Good Beach News as Summer Begins

There’s good news and even better news about Michigan’s 1,237 public swimming beaches. 

The good news is that water at most monitored beaches is clean most of the time.  The better news is that a modern testing tool allows for quicker turnaround on public beach monitoring samples. The faster turnaround help protect swimmers. The tool also enables officials to detect and control the major sources contributing to lowered quality at beaches that do have problems.

Dr. Shannon Briggs, coordinator of beach monitoring for the Michigan Department of Environment, Great Lakes and Energy (EGLE), explains that advances in sample analysis using a method known as quantitative polymerase chain reaction (qPCR) can yield measurements or estimates of Escherichia coli (E. coli) within several hours.

Why is Beach Monitoring Important?

When bacteria such as E. coli are present, other dangerous bacteria and viruses that are more expensive to measure may also be present. High levels of E. coli indicate that microorganisms of concern to human health, such as Salmonella and norovirus, may also be in the water. 

Thanks to the quicker turnaround time, when it’s necessary, officials can post warnings or close beaches the same day.  The old culture method had a 24-hour turnaround, meaning that pollution might have dissipated by the time results became available.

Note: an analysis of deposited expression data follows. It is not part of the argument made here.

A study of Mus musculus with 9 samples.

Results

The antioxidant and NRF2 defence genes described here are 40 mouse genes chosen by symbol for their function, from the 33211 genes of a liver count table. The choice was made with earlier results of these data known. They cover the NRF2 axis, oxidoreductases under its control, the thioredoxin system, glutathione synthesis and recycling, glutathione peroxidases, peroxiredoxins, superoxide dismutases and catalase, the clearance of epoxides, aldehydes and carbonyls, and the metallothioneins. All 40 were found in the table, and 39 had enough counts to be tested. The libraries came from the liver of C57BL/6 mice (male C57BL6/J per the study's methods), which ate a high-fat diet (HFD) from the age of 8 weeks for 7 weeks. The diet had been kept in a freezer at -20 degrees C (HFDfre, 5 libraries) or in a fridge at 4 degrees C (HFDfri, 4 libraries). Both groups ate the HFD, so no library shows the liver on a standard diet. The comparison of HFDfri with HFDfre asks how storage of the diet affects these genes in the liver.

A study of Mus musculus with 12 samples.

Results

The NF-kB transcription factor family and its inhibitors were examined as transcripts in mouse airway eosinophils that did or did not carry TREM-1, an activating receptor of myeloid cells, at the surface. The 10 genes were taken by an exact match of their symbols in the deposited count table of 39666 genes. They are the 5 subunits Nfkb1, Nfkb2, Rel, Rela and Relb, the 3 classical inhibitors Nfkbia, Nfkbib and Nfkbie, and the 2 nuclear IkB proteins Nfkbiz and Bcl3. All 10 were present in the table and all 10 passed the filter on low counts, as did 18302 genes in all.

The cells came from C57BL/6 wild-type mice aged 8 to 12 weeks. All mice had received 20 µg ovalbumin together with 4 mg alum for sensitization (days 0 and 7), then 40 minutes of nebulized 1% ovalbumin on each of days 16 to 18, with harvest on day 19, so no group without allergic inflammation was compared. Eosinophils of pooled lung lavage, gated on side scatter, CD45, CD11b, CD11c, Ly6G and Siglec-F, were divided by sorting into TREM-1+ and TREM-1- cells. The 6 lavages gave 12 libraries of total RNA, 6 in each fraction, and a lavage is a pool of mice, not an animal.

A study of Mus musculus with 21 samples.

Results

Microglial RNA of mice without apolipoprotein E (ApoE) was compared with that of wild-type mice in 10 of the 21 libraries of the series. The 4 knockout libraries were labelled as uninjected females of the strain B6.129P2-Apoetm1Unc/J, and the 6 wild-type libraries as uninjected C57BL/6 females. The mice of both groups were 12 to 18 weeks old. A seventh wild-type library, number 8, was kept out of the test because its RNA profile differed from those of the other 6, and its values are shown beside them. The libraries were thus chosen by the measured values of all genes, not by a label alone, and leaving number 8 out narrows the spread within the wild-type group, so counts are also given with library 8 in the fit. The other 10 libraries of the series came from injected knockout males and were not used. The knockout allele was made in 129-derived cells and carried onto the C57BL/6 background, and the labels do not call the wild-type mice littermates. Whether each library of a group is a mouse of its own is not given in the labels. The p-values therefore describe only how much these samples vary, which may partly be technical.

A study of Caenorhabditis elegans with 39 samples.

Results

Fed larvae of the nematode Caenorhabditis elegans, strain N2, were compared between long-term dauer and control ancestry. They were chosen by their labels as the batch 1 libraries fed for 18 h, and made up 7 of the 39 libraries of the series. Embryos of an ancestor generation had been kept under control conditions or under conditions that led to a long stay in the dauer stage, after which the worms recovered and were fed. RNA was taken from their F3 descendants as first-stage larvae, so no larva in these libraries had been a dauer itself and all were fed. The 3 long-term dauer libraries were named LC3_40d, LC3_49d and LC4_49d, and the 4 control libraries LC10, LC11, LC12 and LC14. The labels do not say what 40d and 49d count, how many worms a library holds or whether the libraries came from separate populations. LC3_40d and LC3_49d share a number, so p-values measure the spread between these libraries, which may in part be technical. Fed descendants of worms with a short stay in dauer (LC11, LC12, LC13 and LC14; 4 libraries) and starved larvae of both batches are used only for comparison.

New Water Monitoring Technology

The new method also speeds the identification of pollution sources by targeting genetic markers (DNA) of sources. The results can distinguish between human and animal sources, helping governments correct problems.  The answers can be complicated and expensive—or “as simple as lids on garbage barrels so gulls are not dive-bombing for Cheetos,”  Briggs says.

Monitoring data serves as a foundation for state and local governments to correct water quality issues. Using data, chronic advisories have been corrected at 30 Michigan beaches, with another 20 in process.

In the Great Lakes region,  the US and Canadian Governments assess the quality of beaches as “good”. In addition, there’s a trending result of “unchanging to improving”. From 2018 to 2019, the percentage of days that monitored Canadian Great Lakes beaches met Ontario E. coli standards for swimming averaged 90%. U.S. Great Lakes beaches monitored from 2018 to 2019 were open and safe for swimming 94% of the time. The status of monitored beaches was good in all of the lakes other than Lake Erie. 

Monitoring results for Michigan’s public beaches—roughly 600 on the Great Lakes and 600 inland beaches—are posted on EGLE’s Beachguard website.

The most recent report on the overall condition of Michigan public beaches is also found on the EGLE website.